COMMENT: Get over Bella Hadid’s nipples (and nipples in general)


This week, Bella Hadid stepped out at the Dior ball wearing a completely sheer dress that showed her nipples.

Predictably, the world fell into apparent disarray at the sight of them (God forbid) with headlines blasting "Bella Hadid flashes nipples," "Bella Hadid nipple show," and (most bizarrely), "Bella Hadid's nipples still aren't over that Selena Gomez thing."

She attended the Couture Week event with fellow nipple-freeing pal Kendall Jenner, yet even with the most popular of social media stars and models flouting the unwritten rule of never letting the nip slip, it's still seen as a faux pas. 

Why, as a society, aren't we over female nipples? After all, we see them plastered on the glamour pull-outs in teenage boy's bedrooms, on beaches, on benches seating breast feeding mums and on couture runways, so why are they still such an inflammatory novelty? 

As a feminist, the fact that women's nipples are so often censored is more of an irksome inequality rather than a big, Repeal the 8th-style issue, but it's still an example of how women are made to feel ashamed of their sexuality rather than being encouraged to own it. 

The fact that the female nipple offends is bizarre, after all it is just a small pigmented circle on the chest that marks the spot of lactation, if you really break it down to its true utilitarian purpose.

It's the suggestiveness that society assigns to nipples that's the problem. 

And men have them too, obviously, a point that Instagram page Genderless Nipples proved by uploading close ups of both male and female nipples to see which would be censored (spoiler alert, no one can tell the difference).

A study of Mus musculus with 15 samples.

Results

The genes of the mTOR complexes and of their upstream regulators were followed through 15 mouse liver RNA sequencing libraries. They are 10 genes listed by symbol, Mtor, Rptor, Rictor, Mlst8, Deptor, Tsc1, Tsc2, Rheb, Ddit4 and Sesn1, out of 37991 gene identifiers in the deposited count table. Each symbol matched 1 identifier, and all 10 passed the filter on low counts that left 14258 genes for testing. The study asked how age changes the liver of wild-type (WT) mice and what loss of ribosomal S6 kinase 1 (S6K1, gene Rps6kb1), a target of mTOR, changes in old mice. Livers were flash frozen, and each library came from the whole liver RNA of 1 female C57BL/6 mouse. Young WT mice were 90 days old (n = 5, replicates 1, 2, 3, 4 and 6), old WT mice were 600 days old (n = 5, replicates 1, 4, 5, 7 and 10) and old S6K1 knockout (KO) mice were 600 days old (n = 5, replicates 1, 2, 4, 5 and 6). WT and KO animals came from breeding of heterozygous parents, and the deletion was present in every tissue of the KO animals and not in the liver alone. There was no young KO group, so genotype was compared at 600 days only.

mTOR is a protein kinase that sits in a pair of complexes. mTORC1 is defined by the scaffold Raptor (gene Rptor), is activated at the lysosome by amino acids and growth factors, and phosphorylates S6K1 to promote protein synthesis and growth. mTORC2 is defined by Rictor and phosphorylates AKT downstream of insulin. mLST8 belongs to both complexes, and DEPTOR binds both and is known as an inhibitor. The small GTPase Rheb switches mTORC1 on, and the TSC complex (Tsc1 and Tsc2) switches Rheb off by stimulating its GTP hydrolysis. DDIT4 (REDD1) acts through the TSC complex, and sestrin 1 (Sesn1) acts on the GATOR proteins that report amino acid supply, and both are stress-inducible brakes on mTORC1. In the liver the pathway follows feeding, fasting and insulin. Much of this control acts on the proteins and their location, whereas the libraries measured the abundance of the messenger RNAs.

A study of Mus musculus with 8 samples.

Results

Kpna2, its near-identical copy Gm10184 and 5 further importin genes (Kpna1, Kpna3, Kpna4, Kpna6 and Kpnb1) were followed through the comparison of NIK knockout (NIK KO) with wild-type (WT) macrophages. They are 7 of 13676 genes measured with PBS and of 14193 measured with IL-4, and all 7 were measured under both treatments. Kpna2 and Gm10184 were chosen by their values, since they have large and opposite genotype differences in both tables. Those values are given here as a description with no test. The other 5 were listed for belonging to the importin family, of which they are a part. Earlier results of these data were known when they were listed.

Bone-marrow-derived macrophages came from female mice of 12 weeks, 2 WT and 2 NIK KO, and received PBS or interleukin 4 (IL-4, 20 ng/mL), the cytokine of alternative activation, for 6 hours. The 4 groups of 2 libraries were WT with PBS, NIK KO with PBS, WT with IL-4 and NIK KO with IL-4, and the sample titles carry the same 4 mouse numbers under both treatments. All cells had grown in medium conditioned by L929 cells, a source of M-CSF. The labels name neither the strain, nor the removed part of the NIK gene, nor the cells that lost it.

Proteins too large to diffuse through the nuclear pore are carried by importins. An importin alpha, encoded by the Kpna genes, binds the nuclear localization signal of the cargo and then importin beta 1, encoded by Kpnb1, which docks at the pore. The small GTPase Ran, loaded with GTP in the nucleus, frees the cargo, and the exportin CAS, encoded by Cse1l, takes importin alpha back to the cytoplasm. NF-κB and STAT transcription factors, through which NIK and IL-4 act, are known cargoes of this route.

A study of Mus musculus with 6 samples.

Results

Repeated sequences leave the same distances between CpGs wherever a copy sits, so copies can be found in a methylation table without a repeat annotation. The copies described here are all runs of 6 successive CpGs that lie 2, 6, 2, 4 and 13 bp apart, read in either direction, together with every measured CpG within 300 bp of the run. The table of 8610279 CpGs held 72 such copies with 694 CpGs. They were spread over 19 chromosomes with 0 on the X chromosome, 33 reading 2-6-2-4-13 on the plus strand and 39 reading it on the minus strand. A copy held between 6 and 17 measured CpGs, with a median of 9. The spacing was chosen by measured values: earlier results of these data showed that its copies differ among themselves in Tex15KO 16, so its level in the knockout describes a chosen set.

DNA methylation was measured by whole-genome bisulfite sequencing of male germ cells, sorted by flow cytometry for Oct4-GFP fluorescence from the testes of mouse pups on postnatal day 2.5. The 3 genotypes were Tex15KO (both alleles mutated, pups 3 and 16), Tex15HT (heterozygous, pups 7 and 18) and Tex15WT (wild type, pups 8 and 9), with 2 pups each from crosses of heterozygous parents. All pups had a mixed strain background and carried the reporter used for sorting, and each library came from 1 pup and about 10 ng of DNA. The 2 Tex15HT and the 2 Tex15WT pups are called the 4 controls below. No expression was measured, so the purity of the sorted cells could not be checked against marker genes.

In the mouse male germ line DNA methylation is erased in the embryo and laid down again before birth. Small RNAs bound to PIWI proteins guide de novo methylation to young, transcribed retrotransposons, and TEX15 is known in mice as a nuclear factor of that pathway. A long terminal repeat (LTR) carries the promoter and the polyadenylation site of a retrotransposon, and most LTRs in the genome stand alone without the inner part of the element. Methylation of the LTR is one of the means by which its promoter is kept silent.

People may argue that it is not the nipple itself that is the issue, but the overall breast it is attached to. 

One has to call bull**** on that too, as after all, underboob and women flaunting their breasts in nipple pasties is rarely shamed or censored. 

Even the outline of a nipple, or the suggestion of bralessness under a T-shirt is hyper sexualised and shamed, as we saw when world class athlete Serena Williams was shamed for her "distracting" nipples on the tennis court during Wimbledon 2016.

Because after she won her 7th Wimbledon title she was planning on gyrating, NSFW style, on the asphalt.


A photo posted by Daisy Keens (@pieandfash) on

Instagram also seems to take issue with female nipples, swatting them down each time they appear like they're a personal pet peeve of the social media site. 

Women are regularly excluded from the site for showing a sliver of areola, and the FreetheNipple hashtag is rife with censorship. 

Celebrities like Chrissy Tiegan, Miley Cyrus and Scout Willis have all been silenced for posting a suggestion of a nip.

Even within the fashion industry, where nudity is seen as tasteful and artistic, only small breasts peep coyly through swathes of fabric (like Bella's) while anything over a B-cup is considered pornographic. 

Back in the 1930s, men's nipples were seen as taboo too, but a few protests and some brief news coverage later, 1936 rolled around and men were free to present their pectorals in public without any grievances.

81 years later, women still have not managed to detangle their nipples (ouch) from the elaborately crocheted mess that is sexualisation in society. 

While there is no argument to be made for universal, mandatory bralessness, a departure from the slut-shaming and scandalization of female breasts would be nice for a change.